Relationship between kidney function decline and initial risk factors for the progression of diabetic kidney disease: a retrospective analysis of 91 Japanese patients with type 2 diabetes
Ninety-one type 2 diabetic patients with DKD that had progressed from chronic kidney disease (CKD) stages G1–3 on their initial clinical visit to ESRD were enrolled. The decline in the estimated glomerular filtration rate (eGFR) was analyzed and the initial clinical factors that influenced the decline rate were explored.
There was a linear decline in eGFR before progression to ESRD, with a median annual decline rate (∆eGFR) of 9.2 mL/min/1.73 m2. In all patients, a history of coronary artery disease and increased levels of initial eGFR and high-density lipoprotein cholesterol (HDL-C) were positive predictors of log ∆eGFR, whereas age, history of cerebral infarction (CI), and an increased level of serum albumin were negative predictors of log ∆eGFR. In patients with CKD stages G1–2 on their first visit, male sex and increased diastolic blood pressure were positive predictors. In patients with CKD stage G3 on their first visit, an increased level of LDL-C was a positive predictor, whereas a history of CI and an increased level of serum total bilirubin (TBil) were negative predictors.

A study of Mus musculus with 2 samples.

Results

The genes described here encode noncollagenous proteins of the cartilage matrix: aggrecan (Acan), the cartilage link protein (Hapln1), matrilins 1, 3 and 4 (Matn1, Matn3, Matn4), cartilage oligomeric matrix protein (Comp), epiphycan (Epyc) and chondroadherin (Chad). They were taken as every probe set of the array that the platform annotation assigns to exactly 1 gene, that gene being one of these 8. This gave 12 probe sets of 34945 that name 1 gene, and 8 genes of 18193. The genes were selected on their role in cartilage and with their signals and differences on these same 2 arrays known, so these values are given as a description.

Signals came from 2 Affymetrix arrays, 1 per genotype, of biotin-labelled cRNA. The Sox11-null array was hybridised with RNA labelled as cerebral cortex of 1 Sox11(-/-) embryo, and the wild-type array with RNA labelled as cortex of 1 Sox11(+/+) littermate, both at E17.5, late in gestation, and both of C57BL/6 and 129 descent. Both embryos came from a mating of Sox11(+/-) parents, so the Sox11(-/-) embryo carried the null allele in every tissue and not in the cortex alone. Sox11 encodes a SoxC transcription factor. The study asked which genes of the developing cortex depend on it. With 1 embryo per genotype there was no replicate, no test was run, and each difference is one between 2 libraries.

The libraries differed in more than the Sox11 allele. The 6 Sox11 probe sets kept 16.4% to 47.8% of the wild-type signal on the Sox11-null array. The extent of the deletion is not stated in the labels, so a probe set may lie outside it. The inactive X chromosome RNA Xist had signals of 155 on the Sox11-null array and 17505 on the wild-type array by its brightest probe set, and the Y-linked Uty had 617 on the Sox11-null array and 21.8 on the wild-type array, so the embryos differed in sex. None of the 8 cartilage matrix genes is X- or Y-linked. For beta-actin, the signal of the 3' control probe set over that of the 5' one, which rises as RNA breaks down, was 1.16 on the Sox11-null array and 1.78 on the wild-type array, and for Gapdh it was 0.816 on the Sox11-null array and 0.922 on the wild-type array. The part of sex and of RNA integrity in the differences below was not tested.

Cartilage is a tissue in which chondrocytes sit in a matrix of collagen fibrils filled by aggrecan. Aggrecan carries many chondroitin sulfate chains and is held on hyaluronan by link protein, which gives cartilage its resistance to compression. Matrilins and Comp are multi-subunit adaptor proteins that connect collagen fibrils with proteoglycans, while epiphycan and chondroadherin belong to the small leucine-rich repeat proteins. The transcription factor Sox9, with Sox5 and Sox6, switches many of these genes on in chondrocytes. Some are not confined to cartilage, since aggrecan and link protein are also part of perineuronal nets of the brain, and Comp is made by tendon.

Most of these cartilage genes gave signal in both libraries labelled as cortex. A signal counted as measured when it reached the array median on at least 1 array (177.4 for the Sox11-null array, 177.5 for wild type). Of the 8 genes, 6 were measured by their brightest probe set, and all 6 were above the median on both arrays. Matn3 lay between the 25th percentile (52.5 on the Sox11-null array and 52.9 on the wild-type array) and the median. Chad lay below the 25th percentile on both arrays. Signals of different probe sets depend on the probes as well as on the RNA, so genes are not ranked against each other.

In addition to the common risk factors, initial eGFR, HDL-C, and TBil were identified as novel risk factors for ESRD. These risk factors may differ between patients with early and advanced stages of CKD.
KeywordsDiabetic kidney disease eGFR decline rate Multivariate linear regression analysis High-density lipoprotein cholesterol Bilirubin
Compliance with ethical standards
All procedures followed were in accordance with the ethical standards of the responsible committee on human experimentation (institutional and national) and with the Helsinki Declaration of 1964 and later versions. Informed consent or its substitute was obtained from all patients before they were included in the study.
Conflict of interest
There was no financial sponsor for this study.
Toshiharu Ishizuka, none. Yoshiharu Tokuyama, none. Atsuya Horie, none. Yukiko Hatanaka, none. Sumihiko Sato, none. Azuma Kanatsuka, none.